Mammoths can be as close to being resurrected as 2 years


The lead researcher of the experience, want to achieve it by genetic engineering elephant embryos with gene from the woolly mammoth, creating a hybrid species very close to the original animal. To achieve this, they have spliced genes extracted from frozen woolly mammoth’s frozen remains, and plan to combine it with the Asian elephant.

“Our aim is to produce a hybrid elephant-mammoth embryo”, said to The Guardian, George Church, the lead researcher of the Harvard University Woolly Mammoth Revival team. “It would be more like an elephant with a number of mammoth traits”, he added.

Of course, these first hybrid embryos won’t be exactly woolly mammoths, but they will be the closest animal alive, and with time and trials, it will eventually come very close to the ancient animal.

The project started back in 2015, and if it is accomplished, even only as a species with small details of the extinct animal, will still be a huge step forward in the revival of extinct species. The mammoth DNA was extracted from remains found frozen at Siberia.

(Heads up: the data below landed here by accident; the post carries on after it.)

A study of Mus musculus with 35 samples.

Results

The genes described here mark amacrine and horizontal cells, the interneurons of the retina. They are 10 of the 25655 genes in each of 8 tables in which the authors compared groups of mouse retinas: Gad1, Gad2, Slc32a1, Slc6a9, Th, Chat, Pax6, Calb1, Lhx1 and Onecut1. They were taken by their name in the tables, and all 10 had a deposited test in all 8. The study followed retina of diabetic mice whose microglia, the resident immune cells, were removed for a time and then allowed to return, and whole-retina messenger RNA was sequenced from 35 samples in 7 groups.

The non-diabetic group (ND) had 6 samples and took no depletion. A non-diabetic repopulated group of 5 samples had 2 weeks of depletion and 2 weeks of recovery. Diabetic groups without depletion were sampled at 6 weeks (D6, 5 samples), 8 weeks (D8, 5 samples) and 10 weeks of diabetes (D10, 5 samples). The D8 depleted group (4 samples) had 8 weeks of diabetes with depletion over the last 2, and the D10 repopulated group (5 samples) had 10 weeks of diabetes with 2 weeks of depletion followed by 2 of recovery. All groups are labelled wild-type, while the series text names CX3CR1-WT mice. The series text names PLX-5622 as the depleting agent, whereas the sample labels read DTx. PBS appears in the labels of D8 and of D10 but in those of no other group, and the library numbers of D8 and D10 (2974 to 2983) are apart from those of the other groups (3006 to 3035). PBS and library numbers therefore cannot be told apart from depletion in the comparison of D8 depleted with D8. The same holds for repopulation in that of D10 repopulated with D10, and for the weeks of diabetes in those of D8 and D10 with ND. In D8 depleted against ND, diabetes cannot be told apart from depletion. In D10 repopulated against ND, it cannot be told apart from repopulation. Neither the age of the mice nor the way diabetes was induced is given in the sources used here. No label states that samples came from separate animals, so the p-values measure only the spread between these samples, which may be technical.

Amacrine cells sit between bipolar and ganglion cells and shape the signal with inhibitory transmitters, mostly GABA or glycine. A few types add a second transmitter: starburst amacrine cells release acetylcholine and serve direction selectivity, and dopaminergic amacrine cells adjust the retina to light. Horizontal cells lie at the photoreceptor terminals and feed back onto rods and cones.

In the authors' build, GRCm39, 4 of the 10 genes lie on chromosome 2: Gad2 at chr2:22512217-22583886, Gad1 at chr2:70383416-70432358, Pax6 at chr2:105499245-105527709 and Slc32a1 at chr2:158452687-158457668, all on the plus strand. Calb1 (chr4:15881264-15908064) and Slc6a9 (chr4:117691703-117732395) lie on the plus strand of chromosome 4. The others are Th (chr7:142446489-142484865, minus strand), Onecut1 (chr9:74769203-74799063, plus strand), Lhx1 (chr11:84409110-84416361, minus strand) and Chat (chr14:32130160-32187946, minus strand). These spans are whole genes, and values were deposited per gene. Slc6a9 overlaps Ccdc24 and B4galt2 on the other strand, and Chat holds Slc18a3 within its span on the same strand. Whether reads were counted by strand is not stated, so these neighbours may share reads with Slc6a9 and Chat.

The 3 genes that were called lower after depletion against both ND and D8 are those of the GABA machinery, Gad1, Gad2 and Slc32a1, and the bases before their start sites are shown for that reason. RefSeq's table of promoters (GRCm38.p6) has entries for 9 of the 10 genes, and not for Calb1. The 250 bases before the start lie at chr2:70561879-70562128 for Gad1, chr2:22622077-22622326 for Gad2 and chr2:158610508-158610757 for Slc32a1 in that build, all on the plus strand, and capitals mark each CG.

The team will edit the DNA and insert the cells on the nucleus of a fertile female elephant egg. The eggs will then be artificially stimulated to develop into embryos.

The team is planning to grow the egg in the laboratory in an artificial womb, instead of transplanting them back into the female Asian Elephants. “It would be unreasonable to put female reproduction at risk in an endangered species”, said Church.

The big challenge besides the DNA editing itself, is that no mammals ever have been grown to term outside of the womb until now, so no one knows yet if the artificial womb will be ready when the early embryos do, but still, Church says he is confident all will go well, since his team, already manage to use artificial wombs to grow mice embryos.

Church will present his team’s latest research at the AAAS 2017 meeting, that will take place this week.